Just diagnosed with GCA?

If you need to talk it over, call our helpline on 0300 111 5090. Contact us to order an information pack.

The main early symptoms of Giant Cell Arteritis (GCA) are headache and tenderness over the sides of the forehead. The headache of GCA is a 'new onset headache''; in other words a severe headache that a person hasn't experienced before. People with GCA need urgent treatment with steroids, which will usually prevent serious complications such as eye problems and blindness.

The cause is not known.

What are the Symptoms?

If you have these symptoms, you should contact your doctor urgently.

People may also experience:

Up to 50% of people with GCA also develop PMR (see section on Polymyalgia Rheumatica). Similar medications are used for both conditions.

What Tests are Needed?

GCA is likely if you have the typical symptoms and blood tests show a high level of inflammation, although some people with GCA and PMR have normal blood tests. Further tests are advised to confirm the diagnosis, which may include a small biopsy of the affected artery. If you are told you need a biopsy, please download our information leaflet.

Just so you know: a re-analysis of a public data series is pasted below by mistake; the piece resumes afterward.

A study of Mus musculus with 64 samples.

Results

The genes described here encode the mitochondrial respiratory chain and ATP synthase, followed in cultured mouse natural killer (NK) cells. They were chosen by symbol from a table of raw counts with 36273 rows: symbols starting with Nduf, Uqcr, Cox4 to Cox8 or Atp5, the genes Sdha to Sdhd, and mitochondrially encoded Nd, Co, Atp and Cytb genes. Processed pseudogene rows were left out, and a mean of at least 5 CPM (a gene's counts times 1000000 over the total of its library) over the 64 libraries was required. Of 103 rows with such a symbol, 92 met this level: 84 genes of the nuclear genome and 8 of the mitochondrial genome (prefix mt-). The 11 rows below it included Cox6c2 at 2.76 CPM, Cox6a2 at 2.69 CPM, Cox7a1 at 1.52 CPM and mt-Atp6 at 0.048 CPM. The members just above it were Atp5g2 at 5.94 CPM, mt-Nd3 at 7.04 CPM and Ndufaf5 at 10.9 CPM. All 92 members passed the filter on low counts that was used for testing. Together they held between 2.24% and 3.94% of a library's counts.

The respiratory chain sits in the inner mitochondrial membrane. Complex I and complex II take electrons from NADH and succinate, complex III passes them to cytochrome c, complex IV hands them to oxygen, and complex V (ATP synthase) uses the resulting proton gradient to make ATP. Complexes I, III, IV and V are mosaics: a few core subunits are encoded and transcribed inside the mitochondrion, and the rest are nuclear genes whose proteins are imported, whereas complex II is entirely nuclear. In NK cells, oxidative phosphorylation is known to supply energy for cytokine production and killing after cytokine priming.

What is the Treatment?

Suspected GCA is usually treated immediately with a high dose of Prednisolone (steroid) to reduce the risk of complications and relieve headaches and other symptoms.

In some cases the condition goes away after 2-3 years, so medication may be stopped (under medical supervision).
But, for many people, treatment is required for several years, and sometimes for life.

Are there any Complications?

Complications are less likely if treatment is started immediately after onset of symptoms.

Untreated GCA could lead to the following possible complications:

Resources

Giant Cell Arteritis - booklet

Arthritis Research UK is a charity that funds high class research as well as educate and inform the general public about different musculoskeletal conditions. They released a booklet on Polymyalgia Rheumatica (PMR) which provides answers to questions about this condition.

To download the booklet please click here.